Texas-based U.S. Concrete, Inc. continues a New York City market roll up, closing last month on asset transactions involving Jenna Concrete Corp., Bronx, and Kings Ready Mix, Brooklyn. With two plants and 52-mixer fleet, Jenna Concrete has established a presence over 25 years, supplying ready mixed to commercial and residential building projects in its Bronx home base and the neighboring borough of Manhattan. Kings Ready Mix runs 60-plus mixers from four plants, and maintains a leading stake in non-union, low- and mid-rise building jobs across Brooklyn, Queens and Manhattan.
“The combination of Kings and U.S. Concrete should allow for additional project diversity on an expanded customer base while delivering concrete more efficiently through enhanced logistics, streamlined operations, and other cost-saving efforts,” he adds.
The Jenna Concrete and Kings Ready Mix plant and fleet assets join a Big Apple portfolio that U.S. Concrete has significantly strengthened in the past 18 months through Ferrara Bros. Building Materials, Greco Brothers and Nycon Supply deals. They have helped replicate east of the Hudson River a strong footprint that U.S. Concrete’s legacy Eastern Concrete Materials business maintains in northern New Jersey.
Jenna Concrete serves commercial and infrastructure markets. PHOTO: Jenna Concrete Corp.
DRIVERS RATIFY CENTRAL CONCRETE AGREEMENT
International Brotherhood of Teamsters Local 853 in Oakland, Calif., reached a four-year agreement with major San Francisco Bay Area ready mixed producers Central Concrete Supply, a U.S. Concrete company, and Cemex USA. It covers 640 drivers at plants in Alameda, Contra Costa and Santa Clara counties. The union presented the producers’ offer to rank & file in mid August, noting how a marathon bargaining session had yielded a contract containing “significant wage and benefit increases while holding fast on other terms and conditions the employers attempted to modify.”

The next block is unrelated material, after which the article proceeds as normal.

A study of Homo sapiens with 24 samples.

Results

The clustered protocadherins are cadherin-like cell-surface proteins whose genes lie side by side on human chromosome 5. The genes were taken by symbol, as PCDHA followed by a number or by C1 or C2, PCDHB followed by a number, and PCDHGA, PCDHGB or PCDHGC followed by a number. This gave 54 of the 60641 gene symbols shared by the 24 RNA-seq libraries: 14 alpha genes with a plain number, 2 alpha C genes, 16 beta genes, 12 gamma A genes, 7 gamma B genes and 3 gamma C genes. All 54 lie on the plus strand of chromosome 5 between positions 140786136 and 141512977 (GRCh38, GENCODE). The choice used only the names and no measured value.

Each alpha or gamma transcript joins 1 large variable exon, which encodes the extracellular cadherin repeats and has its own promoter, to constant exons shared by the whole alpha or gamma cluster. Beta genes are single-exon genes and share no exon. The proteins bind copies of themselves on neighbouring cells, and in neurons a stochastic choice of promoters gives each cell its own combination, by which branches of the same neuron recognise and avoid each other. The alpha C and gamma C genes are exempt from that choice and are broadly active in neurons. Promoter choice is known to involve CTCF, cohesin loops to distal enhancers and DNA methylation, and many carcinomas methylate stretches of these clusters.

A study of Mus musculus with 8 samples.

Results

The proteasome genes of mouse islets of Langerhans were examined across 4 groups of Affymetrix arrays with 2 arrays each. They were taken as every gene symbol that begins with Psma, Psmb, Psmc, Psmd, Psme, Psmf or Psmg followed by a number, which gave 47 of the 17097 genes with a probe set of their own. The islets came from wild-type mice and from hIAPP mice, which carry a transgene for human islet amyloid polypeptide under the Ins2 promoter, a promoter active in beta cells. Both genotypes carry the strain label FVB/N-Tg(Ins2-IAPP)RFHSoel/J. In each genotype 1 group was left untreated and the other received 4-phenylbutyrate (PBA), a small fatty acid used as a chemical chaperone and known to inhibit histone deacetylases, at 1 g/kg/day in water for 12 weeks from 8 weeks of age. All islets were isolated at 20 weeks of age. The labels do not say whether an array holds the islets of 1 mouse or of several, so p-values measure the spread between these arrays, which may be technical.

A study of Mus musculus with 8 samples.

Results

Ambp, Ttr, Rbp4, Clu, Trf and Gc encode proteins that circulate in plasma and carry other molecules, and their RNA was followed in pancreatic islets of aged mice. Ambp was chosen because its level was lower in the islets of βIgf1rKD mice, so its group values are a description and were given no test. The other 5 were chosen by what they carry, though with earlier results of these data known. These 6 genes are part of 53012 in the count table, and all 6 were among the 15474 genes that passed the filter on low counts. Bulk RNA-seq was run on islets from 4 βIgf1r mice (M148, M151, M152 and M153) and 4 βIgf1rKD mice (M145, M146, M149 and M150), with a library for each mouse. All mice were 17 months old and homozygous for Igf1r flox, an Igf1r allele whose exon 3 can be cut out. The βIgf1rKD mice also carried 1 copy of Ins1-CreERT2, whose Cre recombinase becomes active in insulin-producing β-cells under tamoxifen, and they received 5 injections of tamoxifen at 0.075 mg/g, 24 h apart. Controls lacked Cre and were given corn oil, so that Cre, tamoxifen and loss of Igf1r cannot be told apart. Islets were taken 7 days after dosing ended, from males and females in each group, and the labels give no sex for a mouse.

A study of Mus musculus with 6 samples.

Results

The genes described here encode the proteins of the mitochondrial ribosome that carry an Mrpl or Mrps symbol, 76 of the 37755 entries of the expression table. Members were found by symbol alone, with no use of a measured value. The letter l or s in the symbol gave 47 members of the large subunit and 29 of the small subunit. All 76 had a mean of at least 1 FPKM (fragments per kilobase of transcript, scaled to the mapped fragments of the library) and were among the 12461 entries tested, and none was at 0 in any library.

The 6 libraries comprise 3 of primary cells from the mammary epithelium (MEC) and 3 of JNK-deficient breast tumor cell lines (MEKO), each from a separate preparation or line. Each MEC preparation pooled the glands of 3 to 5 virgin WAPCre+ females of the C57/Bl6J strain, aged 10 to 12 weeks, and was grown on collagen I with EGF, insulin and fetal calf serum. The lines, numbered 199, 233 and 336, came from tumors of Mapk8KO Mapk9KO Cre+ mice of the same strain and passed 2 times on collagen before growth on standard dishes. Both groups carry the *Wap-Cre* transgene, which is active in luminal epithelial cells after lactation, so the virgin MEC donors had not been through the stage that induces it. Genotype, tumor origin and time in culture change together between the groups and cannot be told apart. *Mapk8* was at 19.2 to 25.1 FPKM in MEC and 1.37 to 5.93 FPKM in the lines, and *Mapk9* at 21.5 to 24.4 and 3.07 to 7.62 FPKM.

Local 853 officials report that a) drivers were prepared to begin picketing the employers’ ready mixed facilities if the negotiations did not settle the areas of contention; and, b) a strike would have shut down concrete work from Santa Clara County into Solano County, including many San Francisco commercial and public jobs, plus various Silicon Valley sites. A mixer driver work stoppage would likewise have affected most other building trades.
“Our members spoke loud and clear concerning the [initial] offer, and although a decent economic offer, it had some areas regarding working conditions that our members were not ready to accept,” says IBT Vice President and Northern California Teamsters Joint Council President Rome Aloise. “A long session with the employers was held in a last ditch attempt to prevent what would have been a devastating work stoppage for many people and construction sites. We reached a settlement that our bargaining committee endorsed unanimously.”